Judging from the lack of response to my rave reviews of Wind in the Willows, I know I’m in a small minority of those who love books in which animals act like people. My latest favorite was offered as a free download on Kindle, but now at $2.99, it’s still a bargain.
The Linnet's Tale is the story of a community of mice who live in Tottensea Burrows. It is told from the point of view of a linnet (house finch) whose conspiratorial confidences are pure pleasure. Not only are there villains and heroes, there are families and friends who stick together. My favorite family was the Fieldpeas who own the bookstore. The three Fieldpea daughters love books and there are several chapters about them that will delight bibliophiles and word lovers.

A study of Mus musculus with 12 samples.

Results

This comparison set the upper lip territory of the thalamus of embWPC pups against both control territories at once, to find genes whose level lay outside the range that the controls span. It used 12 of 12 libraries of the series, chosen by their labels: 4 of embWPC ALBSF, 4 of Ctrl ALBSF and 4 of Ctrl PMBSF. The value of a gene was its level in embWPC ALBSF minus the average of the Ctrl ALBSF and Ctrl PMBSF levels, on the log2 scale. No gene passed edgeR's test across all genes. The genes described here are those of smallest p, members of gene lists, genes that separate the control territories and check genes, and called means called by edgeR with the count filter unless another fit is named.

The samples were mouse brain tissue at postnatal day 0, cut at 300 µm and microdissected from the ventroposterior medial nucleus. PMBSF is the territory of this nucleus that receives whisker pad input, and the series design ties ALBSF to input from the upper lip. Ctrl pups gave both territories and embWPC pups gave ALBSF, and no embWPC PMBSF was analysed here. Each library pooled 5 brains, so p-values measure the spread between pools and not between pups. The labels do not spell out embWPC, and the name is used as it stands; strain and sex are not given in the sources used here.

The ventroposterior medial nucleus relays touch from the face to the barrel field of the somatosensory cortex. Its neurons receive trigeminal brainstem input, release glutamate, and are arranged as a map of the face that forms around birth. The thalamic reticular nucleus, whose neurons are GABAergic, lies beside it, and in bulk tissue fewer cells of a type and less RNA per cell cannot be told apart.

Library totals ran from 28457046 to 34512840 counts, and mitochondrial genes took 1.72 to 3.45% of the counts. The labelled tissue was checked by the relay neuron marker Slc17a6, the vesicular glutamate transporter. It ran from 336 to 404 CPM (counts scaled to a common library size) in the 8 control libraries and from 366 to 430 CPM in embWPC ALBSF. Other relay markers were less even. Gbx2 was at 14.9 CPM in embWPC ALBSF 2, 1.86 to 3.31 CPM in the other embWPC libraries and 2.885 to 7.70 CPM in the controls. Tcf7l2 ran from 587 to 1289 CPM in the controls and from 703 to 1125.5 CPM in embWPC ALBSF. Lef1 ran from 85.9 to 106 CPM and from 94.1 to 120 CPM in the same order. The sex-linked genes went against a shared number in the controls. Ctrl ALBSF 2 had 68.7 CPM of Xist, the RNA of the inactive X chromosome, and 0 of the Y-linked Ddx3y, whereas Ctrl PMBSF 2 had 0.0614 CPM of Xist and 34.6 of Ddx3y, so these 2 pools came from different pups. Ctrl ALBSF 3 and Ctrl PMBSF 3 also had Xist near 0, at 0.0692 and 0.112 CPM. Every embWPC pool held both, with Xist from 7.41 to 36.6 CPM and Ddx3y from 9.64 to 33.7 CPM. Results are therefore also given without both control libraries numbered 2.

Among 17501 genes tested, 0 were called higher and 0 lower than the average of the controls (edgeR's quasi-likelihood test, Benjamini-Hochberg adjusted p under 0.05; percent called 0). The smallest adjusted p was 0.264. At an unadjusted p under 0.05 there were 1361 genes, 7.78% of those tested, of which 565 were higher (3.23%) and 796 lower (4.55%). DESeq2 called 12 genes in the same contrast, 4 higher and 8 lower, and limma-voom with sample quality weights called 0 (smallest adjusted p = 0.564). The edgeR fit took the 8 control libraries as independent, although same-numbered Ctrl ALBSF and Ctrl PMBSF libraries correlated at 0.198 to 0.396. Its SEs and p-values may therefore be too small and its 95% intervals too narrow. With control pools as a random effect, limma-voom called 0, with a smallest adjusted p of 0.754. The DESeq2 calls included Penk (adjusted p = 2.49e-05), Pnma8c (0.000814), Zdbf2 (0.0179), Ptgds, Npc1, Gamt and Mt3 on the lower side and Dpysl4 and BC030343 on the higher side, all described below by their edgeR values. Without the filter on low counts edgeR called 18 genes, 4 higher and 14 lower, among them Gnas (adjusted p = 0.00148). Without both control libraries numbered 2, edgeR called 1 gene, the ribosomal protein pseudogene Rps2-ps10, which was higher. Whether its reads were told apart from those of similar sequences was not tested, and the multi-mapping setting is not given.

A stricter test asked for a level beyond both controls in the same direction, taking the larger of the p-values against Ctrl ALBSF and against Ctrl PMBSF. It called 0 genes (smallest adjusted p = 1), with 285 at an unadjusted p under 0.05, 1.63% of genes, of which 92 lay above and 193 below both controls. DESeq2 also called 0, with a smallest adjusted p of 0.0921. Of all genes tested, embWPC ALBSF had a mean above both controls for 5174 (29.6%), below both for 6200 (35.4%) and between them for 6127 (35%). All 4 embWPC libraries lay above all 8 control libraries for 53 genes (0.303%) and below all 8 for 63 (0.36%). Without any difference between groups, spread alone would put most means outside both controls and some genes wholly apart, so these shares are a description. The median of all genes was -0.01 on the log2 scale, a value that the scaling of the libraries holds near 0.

I, who love tight, clean prose, was enamored with every flowery, meandering sentence in Willard’s short novel. How could you not love a phrase like, “He was wallowing helplessly in a small tussock of fescue.”? Or not love words like, “pipit,” “recumbent,” “orts,” and “kerfuffle”? The subtitle of the book is “A Mouse Tale for Grownups,” but I think a child who has been brought up on books (who is not daunted by big words) would rejoice in the adventures of the Tottensea mice.
I have to agree with Waterford Hopstep (the linnet) when he described them as quite a splendid little company of field mice – all of them honorable, generous, warm-hearted and as distinct from one another as snowflakes. You’d like them, I think. (p. 19)
In the tradition of Brambly Hedge, Redwall, and Wind in the Willows, this darling story is full of humor and heroism – and a touch of romance. Definitely one of my favorite books of 2013.